The Wrist-Joint , which unites the hand to the fore-arm, resembles in its mechanism that of the shoulder. Eight bones of different and very complicated forms constitute the wrist or carpus. Three of these form the articulation with the fore-arm, the others are united to the five bones of the metacarpus, the palm, or middle part of the hand, to which the fingers are attached. These are composed of two phalanges in the thumb, three in the index, middle, ring, and little fingers. The first three bones of the carpus are grouped in such a manner as to present an ellipsoid surface on the side of the fore-arm; a condyle which is received by the elliptic cavity formed by the inferior extremity of the radius and ulna. The hemispheric head of the humerus turns on its axis in the glenoid cavity, but this movement is prevented in the hand by the elongated form of the condyle of the carpus. The rotation of the ulna supplies this want, and the hand turns with the bones which are attached to it in supination and pronation. Further, it has a separate movement in flexing the hand forward, backward, or sidewise. In circumduction it describes a cone, and makes many other movements in common or singly.

The hand, palmar aspect.

Fig. 15. The hand, palmar aspect.

A. Short abductor muscle of the thumb, above and outside of which is seen the opposing muscle opponens pollicis).

B. Short flexor of thumb.

CC. Tendons of the superficial flexor of the fingers. D. Sheath of the tendons. E E. Tendons of the deep flexor.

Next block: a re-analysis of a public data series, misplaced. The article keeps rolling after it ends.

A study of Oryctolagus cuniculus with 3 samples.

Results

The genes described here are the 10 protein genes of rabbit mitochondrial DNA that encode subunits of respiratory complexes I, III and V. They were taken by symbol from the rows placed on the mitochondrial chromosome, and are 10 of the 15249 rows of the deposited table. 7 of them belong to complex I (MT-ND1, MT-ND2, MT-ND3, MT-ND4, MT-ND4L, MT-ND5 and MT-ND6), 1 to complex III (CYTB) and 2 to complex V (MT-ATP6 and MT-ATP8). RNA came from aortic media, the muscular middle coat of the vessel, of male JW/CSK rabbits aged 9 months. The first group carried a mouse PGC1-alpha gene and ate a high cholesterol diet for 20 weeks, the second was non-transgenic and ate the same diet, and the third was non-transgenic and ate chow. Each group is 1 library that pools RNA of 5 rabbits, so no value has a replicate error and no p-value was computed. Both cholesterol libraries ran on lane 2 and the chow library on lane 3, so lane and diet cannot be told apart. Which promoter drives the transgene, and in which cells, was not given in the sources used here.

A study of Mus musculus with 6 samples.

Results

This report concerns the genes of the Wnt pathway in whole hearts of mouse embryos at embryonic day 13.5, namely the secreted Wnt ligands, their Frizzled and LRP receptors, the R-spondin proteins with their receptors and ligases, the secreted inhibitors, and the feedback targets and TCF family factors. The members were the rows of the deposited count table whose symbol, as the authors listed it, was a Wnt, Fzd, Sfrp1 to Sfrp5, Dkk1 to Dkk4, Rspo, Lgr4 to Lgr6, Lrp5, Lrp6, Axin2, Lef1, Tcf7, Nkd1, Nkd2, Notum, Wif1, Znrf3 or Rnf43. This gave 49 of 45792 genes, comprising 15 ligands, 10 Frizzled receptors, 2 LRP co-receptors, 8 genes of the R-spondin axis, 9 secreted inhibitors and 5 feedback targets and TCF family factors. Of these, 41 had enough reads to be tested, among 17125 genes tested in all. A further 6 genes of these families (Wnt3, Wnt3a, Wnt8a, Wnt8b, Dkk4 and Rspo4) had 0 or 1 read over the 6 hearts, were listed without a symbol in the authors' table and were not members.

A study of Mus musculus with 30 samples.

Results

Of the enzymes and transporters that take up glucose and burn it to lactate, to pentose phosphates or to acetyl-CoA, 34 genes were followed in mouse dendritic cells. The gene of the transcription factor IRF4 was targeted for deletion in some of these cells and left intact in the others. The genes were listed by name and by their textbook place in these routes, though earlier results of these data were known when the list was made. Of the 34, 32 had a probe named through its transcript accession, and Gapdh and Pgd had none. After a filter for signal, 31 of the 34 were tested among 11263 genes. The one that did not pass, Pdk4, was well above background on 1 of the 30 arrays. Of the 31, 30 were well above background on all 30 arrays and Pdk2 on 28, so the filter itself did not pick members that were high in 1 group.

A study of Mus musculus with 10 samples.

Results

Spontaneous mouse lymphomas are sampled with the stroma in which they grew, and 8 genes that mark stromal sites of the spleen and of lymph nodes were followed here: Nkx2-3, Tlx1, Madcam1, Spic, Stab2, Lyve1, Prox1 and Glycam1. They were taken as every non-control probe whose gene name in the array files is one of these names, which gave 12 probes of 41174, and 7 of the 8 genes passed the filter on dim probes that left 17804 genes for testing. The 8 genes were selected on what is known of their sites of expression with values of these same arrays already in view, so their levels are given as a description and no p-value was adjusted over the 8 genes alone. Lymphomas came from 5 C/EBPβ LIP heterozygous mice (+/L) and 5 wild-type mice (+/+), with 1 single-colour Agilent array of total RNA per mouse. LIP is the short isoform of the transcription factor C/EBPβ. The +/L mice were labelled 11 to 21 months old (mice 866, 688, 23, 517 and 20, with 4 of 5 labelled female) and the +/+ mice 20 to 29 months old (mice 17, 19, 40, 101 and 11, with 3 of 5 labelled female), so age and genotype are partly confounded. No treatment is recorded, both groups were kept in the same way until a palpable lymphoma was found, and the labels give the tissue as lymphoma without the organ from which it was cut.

The hand, dorsal aspect.

Fig. 16. The hand, dorsal aspect. A. Annular ligament of the wrist. B B. Tendons of the common extensor of the fingers. C C. Tendinous expansions fastening the tendons together.

The numerous muscles which determine these movements form a very complicated mechanism. Their tendons are interlaced and bound together by bands and aponeurotic fibres, and from this results a more or less complete unity of action. It is sometimes difficult to make a movement with a single finger without the others taking part in it, as in executing instrumental music, for instance; but practice gives to these movements perfect independence. The mechanism of the movements of the hand has been made singularly clear by the recent experiments of M. Duchenne of Boulogne, who has succeeded in distinguishing by means of electricity, the action not only of different orders of muscles, but also of each particular one. Gerdy counts thirty-four distinct movements of the hand, and if we include the combinations of these different movements we shall reach a much higher number. The opposition of the thumb to the other fingers, alone or united, is of all these movements that which especially characterizes the human hand, in which alone it exists in its perfection. This action of the thumb results from its length, from the first metacarpal bone not being placed on the same plane as the other four, as is the case in the monkey, and from the action of a muscle—the long flexor of the thumb—peculiar to the human hand. This muscle completes the action of the other motor of the thumb, and permits man to hold a pen, a graver, or a needle; it gives to his hand the dexterity necessary in the execution of the most delicate work; it is the attribute of his intelligence. In repose the hand of man is presented in an attitude half opposed to the thumb; but it is not so in the monkey, even in the species most resembling man. It is opposable in these animals, but much less so than in man; and the five bones of the metacarpus being on the same plane, the fingers—or toes—can be placed flat upon the ground in walking, in which the four limbs always take part Properly speaking, then, the hand belongs to man alone, and its conformation does not permit us to consider it as a normal organ of locomotion. It can by turns form itself into a plane, round itself into a cylinder, hollow itself into a gutter, make the fingers spread like so many diverging rays, and form, in the words of De Blainville, a compass with five branches; it collects the fingers in the form of a cone, of a spheroid. &c; and lastly, it can reach every portion of the body.